Published on July 6, 2019

    It is good to come to know that Tata has finally agreed that they use Potassium Ferrocyanide as an anti-caking agent, thought they still are not courageous enough to put it on their packet, said Shiv Shankar Gupta, who recently revealed, citing a US lab report, that top Indian salt brands contain Potassium Ferrocyanide.

    Shiv Shankar Gupta, Chairman of Godhum Grains and Farm Products Pvt Ltd, ruled out the claim of Tata Salt and FSSAI (Food Safety and Standard Authority of India) that Potassium Ferrocyanide is non-toxic. “It is wrong,” he said.

    “Though opinion is divided, it has already been proved to be lethal in the long run, which is the sole reason why Britain prohibited the use of Potassium Ferrocyanide in edible salt,” he added.

    “It should be noted that Tata is using E 536, the European-approved food additive number for Potassium ferrocyanide on their packets, as they are well aware that the moment they put potassium ferrocyanide, it may scare people away,” said Shiv Shankar Gupta, who started as an exporter of pink salt and later shifted his focus on natural salt. “Not many know what is E 536,” he added.

    “Check www.foodnetindia.com, one of the leading food safety websites in India. The website has reviewed Tata Salt Lite and raised their concerns. The findings are in the public domain and available for everyone to see,” he said.

    Food Net India says: “Potassium ferrocyanide (E536) which is classified as a neutral salt is used increasingly nowadays in iodised salt as an anti-caking agent. It is slightly toxic, as adding acid to an aqueous solution releases toxic hydrogen cyanide gas. Although not mutagenic, it can cause irritation, if ingested, inhaled, or if it comes into contact with skin. Its adverse effects increase with the increase of quantity and regularity with which it enters the body. It is toxic when consumed in large amounts and accumulates in the body. In Great Britain, the addition of Potassium Ferrocyanide or E-536 to table salt is prohibited.”

     

    “Table salt is manufactured salt minus any natural minerals. Salt is an essential component for our body’s functioning; it is not a dangerous thing. However, during salt processing the balance of sodium in comparison to other valuable minerals is lost. And companies further complicate by adding harmful anti-caking agents to salt. Such anti-caking agents contain aluminum, a carcinogenic that can accumulate in human brain, causing neurological diseases like Alzheimer’s,” said Mr. Gupta, who is popularly known as the father of Indian gemstone industry.

     

    The practice of adding table salt with iodine started way back in the 1920’s in the US as a means to prevent goiters. Goiters, an enlargement of the thyroid gland, is caused by lack of sufficient iodine.

    In order to prevent goiters, the iodization of salt was adopted as a cheap and easy method. The practice was quickly adopted elsewhere in Canada and the US, where goiters were common. And iodized salt continues to be used till this day. In India, consumption of iodized salt in goiter-prone areas was promoted under the National Goiter Control Programme (NGCP) in 1962. The programme was modified and renamed as National Iodine Deficiency Disorders Control Program (NIDDCP) in 1992.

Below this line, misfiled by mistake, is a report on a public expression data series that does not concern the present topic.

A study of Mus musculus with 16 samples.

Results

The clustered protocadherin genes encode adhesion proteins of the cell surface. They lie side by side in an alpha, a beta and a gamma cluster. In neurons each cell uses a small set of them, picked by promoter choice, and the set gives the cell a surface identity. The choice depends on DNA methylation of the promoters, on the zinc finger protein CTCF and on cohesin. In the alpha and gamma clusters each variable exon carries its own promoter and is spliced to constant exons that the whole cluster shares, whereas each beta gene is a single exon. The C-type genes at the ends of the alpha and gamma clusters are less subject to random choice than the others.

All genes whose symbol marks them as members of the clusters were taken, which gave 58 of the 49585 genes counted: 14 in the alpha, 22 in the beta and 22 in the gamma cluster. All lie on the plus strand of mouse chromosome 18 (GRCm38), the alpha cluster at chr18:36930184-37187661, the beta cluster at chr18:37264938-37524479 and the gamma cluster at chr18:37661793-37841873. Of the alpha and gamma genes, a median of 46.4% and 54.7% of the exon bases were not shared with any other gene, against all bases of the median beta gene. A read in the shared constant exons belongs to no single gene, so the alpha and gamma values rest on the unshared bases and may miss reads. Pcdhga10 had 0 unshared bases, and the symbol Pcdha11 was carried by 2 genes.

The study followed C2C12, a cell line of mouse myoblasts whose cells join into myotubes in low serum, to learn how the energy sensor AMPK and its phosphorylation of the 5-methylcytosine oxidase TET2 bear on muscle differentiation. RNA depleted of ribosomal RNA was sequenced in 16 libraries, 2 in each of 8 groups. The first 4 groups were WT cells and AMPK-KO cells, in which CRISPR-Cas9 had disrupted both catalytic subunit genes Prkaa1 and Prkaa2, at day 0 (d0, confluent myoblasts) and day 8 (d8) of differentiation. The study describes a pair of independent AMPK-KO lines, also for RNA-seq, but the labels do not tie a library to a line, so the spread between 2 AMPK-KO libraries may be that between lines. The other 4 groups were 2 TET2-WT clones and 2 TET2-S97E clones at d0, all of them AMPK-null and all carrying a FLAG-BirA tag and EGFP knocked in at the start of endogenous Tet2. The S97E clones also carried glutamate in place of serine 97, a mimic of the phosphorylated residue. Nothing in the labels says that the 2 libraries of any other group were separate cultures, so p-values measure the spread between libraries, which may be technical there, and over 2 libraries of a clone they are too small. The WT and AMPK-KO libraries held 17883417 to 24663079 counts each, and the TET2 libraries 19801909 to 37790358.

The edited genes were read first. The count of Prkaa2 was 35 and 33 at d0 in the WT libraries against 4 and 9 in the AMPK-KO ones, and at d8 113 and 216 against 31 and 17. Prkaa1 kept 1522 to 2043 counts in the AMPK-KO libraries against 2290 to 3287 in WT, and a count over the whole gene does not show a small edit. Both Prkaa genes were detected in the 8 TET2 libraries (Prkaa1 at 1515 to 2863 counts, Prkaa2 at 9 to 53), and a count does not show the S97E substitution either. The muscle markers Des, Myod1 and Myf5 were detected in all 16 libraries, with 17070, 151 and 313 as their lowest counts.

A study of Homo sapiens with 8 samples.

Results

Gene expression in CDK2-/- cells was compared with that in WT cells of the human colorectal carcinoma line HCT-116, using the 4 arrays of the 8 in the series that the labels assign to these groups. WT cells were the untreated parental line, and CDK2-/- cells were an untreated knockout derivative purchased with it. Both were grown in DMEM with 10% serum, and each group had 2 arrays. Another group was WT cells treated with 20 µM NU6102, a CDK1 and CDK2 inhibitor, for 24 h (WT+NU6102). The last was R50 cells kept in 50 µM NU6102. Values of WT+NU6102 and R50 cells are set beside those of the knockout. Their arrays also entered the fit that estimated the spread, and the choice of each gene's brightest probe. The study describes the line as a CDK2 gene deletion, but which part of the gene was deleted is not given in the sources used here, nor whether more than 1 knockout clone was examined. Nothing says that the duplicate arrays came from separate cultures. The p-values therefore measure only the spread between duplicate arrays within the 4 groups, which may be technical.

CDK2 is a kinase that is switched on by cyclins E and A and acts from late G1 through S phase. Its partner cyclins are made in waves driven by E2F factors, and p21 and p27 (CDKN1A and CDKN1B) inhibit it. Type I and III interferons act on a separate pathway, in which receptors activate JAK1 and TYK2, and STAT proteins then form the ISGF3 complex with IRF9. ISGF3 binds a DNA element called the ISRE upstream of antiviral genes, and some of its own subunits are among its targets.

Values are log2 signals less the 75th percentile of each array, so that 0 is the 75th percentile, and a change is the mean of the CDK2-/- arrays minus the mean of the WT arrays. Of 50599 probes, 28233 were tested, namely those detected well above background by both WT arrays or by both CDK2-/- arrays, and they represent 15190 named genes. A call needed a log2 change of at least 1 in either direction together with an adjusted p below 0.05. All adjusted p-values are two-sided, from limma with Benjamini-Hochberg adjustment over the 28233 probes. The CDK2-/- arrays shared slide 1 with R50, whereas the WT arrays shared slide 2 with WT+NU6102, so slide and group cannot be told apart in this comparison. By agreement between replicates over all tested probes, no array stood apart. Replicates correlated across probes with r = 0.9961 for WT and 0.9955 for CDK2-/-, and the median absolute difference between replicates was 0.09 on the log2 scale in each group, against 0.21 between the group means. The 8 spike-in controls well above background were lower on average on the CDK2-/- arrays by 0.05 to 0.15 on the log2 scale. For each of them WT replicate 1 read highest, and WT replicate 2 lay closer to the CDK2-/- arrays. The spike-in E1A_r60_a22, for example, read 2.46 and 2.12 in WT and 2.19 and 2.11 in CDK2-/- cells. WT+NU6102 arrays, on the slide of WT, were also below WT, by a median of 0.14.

However, he said, today, there is an iodine overload as we already gain sufficient iodine from other food sources. Fortification of iodine, thus, is no longer required, he asserted.

    Table salt with its high content of mineral sodium can lead to high blood pressure, or hypertension. Increased sodium intake also doubles the risk of heart failure, obesity and Type 2 diabetes. According to Josh Gitalis, US-based clinical nutritionist and functional medicine practitioner, table salt can also lead to autoimmune disease by increasing pro-inflammatory macrophages, increase Th17 cell potency and Il-17 function, as well as impairing Treg cell function.

    Vacuum salt, or what you call iodized salt, has practically nothing in common with natural salt. While natural salt comes with 84 variant of minerals comprised of trace minerals like silicon, phosphorous and vanadium, processed salt is comprised of chemicals such as moisture absorbents and an added iodine.

    Vacuum salt is dried above 1200 degrees’ Fahrenheit. This excessive heat alone alters the natural chemical structure of the salt. In short, what remains after this process is a chemically cleaned sodium chloride and adding to that is potassium ferrocyanide, which actually doesn’t required at all.

    “If iodine is your concern, then most of the adults need about 150 micrograms (mcg) of iodine per day, except for pregnant women, who need about 220 mcg, or people who are iodine-deficient. You can get 50 percent of your daily iodine intake from just 1 cup of low-fat yogurt. And one cup of milk provide 59 to 112 mcg of recommended daily iodine intake.  Another major source of iodine is seaweeds. You may be able to reach your daily intake with just one gram of sea plants.”

    So the question is do we really need to go for iodized salt with Potassium ferrocyanide in it when natural salts are available without any chemical additives,” he asks.